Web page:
Germantown's Jon Averkamp earns WIAA Scholar/Athlete honors

Seventh Warhawk to earn the award

April 29, 2014

In his 14-year career as head coach of the highly successful Germantown boys basketball, Warhawk coach Steve Showalter has not only been blessed with great players, but also highly intelligent ones too.

And in the case of brothers Ben and Jon Averkamp, he sometimes got great talent mixed with intelligence. Older brother Ben was a four-year varsity player and a two-time NOW Player of the Year from 2007-09 who led Germantown to its first two state tournament appearances and was a valedictorian in his class.

Younger brother Jon was also a four-year letterwinner who was a major factor in the Warhawks' winning three straight WIAA state titles, the most recent of which came in March.

And just to show he can flex his intellectual muscle too, Averkamp, who also earned first-team All-State honors in leading the Warhawk boys volleyball team to a WIAA state runner-up finish last fall, was recently named a WIAA Scholar/Athlete for the 2013-14 school year.

"It's hard keeping everything in balance," he said. "I've always liked school and prided myself in putting myself in a good position (as far as grades are concerned). I work hard to keep my GPA up."

It shows, said Showalter, who used Averkamp in the position of "middle linebacker" of the offensive-minded Warhawks' frequently under-rated defense.

"I'll tell you one thing," said Showalter. "It's definitely a lot easier working with a 6-7 kid (like Averkamp) who is smart as opposed to a 6-7 kid who is not, but it's also sometimes difficult coaching kids in the lockerroom who know they're smarter than I am (laughs)."

But laughs aside, Showalter relied heavily on both Averkamp's ability and his intelligence, as over the last couple of years, Averkamp has almost always drawn the opponents' best player on defense.

"The last two-three years, he's been in charge of the defense," said Showalter. "...You look at his role as it relates to the basketball team, the whole defense was led by what he did. He made the calls. He made the adjustments. Other people may have gotten credit, but it was what Jon did that allowed that.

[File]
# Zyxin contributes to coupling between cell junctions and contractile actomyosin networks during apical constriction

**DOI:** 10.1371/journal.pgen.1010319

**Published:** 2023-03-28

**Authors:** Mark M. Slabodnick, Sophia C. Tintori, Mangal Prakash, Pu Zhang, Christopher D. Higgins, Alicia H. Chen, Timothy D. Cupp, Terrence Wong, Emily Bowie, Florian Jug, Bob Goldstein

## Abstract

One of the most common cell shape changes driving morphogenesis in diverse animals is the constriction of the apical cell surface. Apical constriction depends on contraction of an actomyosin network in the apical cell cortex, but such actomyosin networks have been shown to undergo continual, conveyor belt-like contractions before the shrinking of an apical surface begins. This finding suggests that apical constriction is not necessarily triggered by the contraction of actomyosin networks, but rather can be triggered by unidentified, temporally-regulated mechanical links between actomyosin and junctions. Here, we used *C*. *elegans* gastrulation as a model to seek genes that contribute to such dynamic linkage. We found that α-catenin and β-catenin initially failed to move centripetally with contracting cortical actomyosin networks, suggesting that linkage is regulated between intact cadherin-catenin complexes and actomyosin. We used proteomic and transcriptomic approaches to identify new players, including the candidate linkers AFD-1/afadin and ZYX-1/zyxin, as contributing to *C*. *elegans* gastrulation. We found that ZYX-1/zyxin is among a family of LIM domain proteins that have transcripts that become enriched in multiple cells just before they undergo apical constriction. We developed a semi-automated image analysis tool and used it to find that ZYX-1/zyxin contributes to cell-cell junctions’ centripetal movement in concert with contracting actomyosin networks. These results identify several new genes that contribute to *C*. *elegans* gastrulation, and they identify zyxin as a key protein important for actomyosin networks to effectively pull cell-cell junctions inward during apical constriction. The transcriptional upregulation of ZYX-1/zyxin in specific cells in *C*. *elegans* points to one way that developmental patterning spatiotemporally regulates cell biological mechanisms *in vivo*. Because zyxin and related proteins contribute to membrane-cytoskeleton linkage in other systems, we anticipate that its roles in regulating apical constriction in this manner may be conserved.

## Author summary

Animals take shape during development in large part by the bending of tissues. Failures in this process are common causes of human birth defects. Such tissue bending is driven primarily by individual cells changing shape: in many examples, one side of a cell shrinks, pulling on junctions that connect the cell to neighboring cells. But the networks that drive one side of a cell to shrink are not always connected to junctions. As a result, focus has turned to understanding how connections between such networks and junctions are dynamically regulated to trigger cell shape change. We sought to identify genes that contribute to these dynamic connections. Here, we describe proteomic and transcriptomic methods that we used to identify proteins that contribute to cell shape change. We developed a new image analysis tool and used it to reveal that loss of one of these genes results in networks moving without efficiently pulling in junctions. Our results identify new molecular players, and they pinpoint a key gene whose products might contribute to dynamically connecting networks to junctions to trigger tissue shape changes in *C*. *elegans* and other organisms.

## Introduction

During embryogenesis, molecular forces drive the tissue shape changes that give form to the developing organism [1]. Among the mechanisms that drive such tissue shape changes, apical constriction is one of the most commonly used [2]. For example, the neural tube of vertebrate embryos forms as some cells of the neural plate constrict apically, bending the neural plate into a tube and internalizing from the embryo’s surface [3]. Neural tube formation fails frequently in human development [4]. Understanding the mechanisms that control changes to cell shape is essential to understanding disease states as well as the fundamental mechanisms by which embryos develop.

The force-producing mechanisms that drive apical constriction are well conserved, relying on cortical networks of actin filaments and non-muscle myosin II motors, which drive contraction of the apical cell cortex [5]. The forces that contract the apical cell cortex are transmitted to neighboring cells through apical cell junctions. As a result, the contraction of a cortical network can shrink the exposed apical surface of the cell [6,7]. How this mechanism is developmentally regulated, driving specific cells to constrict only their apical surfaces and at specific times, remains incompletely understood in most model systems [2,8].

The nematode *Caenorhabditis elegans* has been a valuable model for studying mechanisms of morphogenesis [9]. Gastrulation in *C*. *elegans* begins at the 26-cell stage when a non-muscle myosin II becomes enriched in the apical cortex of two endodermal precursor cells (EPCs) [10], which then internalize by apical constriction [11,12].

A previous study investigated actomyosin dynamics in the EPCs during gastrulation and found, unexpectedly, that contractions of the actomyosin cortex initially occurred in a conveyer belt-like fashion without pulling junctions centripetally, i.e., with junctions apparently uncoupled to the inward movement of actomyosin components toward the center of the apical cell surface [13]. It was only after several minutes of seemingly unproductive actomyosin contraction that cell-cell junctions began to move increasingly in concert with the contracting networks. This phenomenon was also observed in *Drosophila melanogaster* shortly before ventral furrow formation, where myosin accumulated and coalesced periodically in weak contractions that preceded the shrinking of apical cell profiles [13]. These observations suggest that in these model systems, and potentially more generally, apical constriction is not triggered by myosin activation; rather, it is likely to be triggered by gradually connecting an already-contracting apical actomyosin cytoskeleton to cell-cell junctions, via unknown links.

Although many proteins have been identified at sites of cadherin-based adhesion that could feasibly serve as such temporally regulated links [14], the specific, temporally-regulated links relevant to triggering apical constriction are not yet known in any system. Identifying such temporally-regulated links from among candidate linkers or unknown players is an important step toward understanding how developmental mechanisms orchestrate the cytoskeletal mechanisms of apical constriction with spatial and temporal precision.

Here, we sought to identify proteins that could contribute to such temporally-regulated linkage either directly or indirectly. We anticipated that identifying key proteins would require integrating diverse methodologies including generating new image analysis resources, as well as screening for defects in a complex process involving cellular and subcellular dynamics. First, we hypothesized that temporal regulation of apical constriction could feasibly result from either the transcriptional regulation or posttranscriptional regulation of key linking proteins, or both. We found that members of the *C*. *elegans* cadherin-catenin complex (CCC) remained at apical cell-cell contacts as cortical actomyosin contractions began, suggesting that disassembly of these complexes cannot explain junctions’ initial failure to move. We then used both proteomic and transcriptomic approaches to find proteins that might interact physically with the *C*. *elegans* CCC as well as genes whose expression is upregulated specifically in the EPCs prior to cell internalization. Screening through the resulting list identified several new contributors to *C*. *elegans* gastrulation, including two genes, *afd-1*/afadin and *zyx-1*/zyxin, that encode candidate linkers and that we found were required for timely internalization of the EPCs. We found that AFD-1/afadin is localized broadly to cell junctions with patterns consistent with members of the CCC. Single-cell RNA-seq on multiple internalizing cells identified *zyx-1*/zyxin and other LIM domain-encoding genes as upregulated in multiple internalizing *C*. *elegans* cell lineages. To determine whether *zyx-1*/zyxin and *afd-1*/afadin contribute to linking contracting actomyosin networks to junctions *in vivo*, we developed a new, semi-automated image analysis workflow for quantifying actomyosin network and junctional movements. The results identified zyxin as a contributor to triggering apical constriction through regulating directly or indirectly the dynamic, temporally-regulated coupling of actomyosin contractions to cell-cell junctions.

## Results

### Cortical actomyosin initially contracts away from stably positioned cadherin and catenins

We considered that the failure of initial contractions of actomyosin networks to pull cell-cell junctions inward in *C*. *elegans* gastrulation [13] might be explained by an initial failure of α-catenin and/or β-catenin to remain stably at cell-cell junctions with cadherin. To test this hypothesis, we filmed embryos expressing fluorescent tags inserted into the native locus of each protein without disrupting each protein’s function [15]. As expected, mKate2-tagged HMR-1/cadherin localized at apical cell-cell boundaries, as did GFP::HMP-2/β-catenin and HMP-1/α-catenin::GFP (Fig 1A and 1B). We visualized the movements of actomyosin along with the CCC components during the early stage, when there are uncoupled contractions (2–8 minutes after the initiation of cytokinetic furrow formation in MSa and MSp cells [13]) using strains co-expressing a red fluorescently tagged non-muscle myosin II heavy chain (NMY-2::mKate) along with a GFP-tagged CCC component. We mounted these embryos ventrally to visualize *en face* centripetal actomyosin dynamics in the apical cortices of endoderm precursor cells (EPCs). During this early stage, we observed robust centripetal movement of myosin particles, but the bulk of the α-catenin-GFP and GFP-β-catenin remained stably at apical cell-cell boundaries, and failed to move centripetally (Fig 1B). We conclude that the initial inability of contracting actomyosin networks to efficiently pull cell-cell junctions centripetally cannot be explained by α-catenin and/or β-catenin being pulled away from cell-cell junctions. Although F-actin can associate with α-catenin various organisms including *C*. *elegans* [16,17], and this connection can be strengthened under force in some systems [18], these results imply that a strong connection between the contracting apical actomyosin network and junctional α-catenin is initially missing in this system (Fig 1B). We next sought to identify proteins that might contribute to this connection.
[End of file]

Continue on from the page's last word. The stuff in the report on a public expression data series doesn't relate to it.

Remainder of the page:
"He controlled our defense. it got to the point where in a huddle I could ask him what we should be doing and what will work in a given a situation. having someone like him out there, someone who can see the whole court and run a defense is tremendously different as compared to having a guy who only thinks of himself."

But from a coaching standpoint, such intelligence in a player can have a few minor drawbacks, said Showalter as he noted Jon was not shy about voicing his opinion.

"In the Kimberly game (the sectional final this season), we put him on who we thought was their best player and that guy wound up doing nothing, while their point guard wound up hurting us a lot," said Showalter. "Afterward, Jon looked at the scouting report and said he should have been guarding that other guy (the point guard). 'The scouting report was totally wrong', he said."

And, as expected, Jon differs from big brother Ben in the way he intellectually handles coaching. He's a nice kid, said Showalter, but he's also someone who generally played better with a little anger in his system.

"Ben would sit there with his head down, not making eye contact," said Showalter, "but you could tell he was taking in everything you said and thinking about it.

"Jon, on the other hand, would look right at me and I knew if I messed up, he would catch me on it immediately (laughs)."


Such ability to analyze and dissect a problem comes from Jon Averkamp's analytical mind. He says he likes all of his teachers and when pressed for a favorite subject, he thinks hard and comes up with math. He is currently taking senior calculus but in his intellectually omniverous way, intends to major in biology at St. Cloud State in Minnesota next fall where he'll also play basketball.

Averkamp said he gets to his homework first thing everyday, which meant around 6:30 p.m. during the basketball season if the team had an early practice.

"After that, if I have some free time, then I can get to some fun stuff," he said.

Sunday, May 4 will be part of the "fun stuff" for all his sacrifice and labor. Averkamp and his family will be in Wausau at the Jefferson Street Inn. A total of 16 senior boys and 16 senior girls will be honored at the event. Averkamp is the seventh Germantown student/athlete to be so honored.

A total of 825 senior student/athletes were nominated this school year by more than 425 high schools. The average nominee had a GPA of 3.85 and 136 of them had perfect 4.0s.

"I was very surprised at this," said Averkamp. "It's definitely as cherry on the top for this year."

Given to him by people who understand his intelligent, driven nature.

"It was the state final and we were getting close to the end," said Showalter. "Jon was at the line with a bonus situation and I told the official that this kid was playing his 108th (varsity) game and then I asked, 'Do you think he's going to make these free throws?'

"The ref told me 'A kid like that isn't going to let you down.'"

And he didn't, Averkamp made the free throws.